Trade body urges government to get on with Brexit negotiations as uncertainty delays projects
The Construction Products Association is warning that worries caused by Brexit will see growth flatline in the industry next year.
The bleak warning was issued by its chairman Carl Arntzen (pictured), the boss of boiler maker Worcester Bosch, as the UK and EU remain at loggerheads over how much the UK has to shell out as part of its Brexit divorce bill.
Earlier this week, the EU’s chief negotiator Michel Barnier said he was planning for the possible collapse of Brexit negotiations with the UK, days after saying Theresa May’s government would have to clarify its position by the end of the month on what it would pay to settle its obligations to the EU if future trade talks were to go ahead in December.
Arntzen told Building that the lack of progress in the near 17 months since last June’s Brexit vote was now starting to have a real impact on his members’ workloads.
He said: “A lot of our members have started to say projects are being delayed and those are the early signs of people starting to get a bit twitchy.
“We are urging the government to get on with these Brexit negotiations and get them done as quickly as possible so we can minimise the uncertainty that is being experienced. This, as well as the devaluation of the pound and the currency impact, are major worries.”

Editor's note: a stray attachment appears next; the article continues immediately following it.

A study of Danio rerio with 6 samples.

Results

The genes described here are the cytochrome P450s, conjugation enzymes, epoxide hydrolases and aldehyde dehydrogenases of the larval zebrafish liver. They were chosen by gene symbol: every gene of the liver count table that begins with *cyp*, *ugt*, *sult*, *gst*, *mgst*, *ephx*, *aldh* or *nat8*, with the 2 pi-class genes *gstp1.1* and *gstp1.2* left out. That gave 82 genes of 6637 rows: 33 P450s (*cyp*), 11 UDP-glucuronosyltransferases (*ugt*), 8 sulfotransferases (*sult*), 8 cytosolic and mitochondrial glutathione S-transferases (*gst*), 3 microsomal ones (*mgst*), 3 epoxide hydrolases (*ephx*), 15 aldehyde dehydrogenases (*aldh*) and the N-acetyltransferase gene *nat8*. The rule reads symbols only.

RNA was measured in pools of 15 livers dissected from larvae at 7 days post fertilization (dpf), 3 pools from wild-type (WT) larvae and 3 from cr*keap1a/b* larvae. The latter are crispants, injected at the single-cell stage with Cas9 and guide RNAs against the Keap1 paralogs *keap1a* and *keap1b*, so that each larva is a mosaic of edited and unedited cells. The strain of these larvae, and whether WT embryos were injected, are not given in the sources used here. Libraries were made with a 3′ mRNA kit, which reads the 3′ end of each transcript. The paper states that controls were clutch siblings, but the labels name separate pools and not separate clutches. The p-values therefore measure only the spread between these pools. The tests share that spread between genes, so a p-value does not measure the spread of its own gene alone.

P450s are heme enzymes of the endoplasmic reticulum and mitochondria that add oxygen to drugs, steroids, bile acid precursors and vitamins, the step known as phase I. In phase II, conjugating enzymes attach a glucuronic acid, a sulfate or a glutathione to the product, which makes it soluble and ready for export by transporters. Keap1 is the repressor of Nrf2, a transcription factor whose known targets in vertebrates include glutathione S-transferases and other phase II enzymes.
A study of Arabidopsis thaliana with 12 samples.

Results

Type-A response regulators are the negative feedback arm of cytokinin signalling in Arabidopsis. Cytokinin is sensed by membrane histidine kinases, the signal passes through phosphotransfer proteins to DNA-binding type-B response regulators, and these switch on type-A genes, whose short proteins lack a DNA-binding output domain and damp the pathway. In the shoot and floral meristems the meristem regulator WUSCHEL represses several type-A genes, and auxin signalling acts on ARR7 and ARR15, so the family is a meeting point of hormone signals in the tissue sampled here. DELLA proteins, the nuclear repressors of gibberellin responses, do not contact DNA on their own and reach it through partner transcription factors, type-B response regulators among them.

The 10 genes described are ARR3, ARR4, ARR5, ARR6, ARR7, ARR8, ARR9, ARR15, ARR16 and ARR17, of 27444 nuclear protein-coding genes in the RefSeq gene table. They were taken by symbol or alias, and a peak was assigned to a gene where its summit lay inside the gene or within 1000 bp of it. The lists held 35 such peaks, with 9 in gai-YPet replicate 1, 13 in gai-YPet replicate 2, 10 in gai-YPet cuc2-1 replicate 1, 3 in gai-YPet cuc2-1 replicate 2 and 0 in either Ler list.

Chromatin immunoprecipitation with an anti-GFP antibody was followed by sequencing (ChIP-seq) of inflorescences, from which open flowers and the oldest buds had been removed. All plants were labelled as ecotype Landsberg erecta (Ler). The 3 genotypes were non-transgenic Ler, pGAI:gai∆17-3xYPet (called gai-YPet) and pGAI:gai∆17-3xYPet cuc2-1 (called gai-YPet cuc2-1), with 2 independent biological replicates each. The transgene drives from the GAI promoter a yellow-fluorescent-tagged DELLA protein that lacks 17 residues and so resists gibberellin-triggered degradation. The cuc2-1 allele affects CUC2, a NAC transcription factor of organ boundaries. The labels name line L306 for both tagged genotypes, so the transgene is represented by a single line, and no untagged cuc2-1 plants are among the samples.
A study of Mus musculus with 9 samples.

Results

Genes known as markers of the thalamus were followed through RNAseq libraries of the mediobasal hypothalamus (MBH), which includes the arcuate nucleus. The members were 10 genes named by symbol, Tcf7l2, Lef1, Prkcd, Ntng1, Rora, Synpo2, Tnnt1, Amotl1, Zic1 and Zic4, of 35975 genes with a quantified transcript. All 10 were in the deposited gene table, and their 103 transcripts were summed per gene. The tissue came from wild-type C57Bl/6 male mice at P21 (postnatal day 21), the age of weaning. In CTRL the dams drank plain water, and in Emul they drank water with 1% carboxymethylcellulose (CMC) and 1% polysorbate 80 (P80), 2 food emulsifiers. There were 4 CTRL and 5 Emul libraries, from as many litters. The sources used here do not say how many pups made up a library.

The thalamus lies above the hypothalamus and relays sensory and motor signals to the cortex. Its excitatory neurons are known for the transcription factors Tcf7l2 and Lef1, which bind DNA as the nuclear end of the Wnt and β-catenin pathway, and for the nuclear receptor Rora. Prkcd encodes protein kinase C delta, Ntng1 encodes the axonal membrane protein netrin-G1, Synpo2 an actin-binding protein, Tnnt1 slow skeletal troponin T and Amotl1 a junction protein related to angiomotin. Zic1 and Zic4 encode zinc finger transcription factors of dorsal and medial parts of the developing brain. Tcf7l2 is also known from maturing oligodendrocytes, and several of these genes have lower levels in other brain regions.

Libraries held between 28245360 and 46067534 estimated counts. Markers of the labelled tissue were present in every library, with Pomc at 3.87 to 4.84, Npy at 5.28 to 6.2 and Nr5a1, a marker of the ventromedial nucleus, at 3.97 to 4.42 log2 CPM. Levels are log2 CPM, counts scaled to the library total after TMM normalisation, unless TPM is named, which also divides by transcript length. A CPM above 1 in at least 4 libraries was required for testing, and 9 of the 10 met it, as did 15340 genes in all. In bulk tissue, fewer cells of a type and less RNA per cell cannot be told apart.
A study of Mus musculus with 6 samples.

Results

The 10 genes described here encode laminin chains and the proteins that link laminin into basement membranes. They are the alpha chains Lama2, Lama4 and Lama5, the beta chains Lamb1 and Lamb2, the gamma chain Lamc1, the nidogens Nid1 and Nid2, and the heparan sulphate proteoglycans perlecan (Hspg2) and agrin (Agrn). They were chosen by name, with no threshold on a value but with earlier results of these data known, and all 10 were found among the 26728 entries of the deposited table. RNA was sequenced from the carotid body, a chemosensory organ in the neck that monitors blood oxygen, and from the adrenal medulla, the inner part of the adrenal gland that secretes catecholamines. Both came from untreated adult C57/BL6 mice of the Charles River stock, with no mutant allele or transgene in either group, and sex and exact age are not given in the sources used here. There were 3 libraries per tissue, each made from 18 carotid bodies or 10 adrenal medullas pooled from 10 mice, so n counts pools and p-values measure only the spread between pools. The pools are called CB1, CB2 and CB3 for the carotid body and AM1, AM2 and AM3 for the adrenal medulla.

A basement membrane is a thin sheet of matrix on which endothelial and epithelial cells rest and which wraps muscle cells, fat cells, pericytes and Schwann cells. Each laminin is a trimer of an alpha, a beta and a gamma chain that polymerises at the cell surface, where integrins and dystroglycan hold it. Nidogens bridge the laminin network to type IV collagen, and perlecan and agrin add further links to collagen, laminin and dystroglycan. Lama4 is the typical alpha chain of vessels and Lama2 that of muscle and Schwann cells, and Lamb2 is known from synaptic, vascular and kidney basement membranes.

The Construction Products Association is expecting minimal growth this year but Arntzen added: “[While] infrastructure and private housing continue to drive growth, the rest of the market is less buoyant, which means the forecast anticipates nominal growth this year and none in 2018.
“There is always a danger that the slowdown in growth will increase. Construction is a long-term investment and when there is any uncertainty, then that will slow down and we are seeing the early signs of that.”
Arntzen’s warning comes as the Association of Consultancy and Engineering said a fifth of large UK consultancy and engineering firms would look at moving jobs abroad if access to skilled EU nationals is not maintained.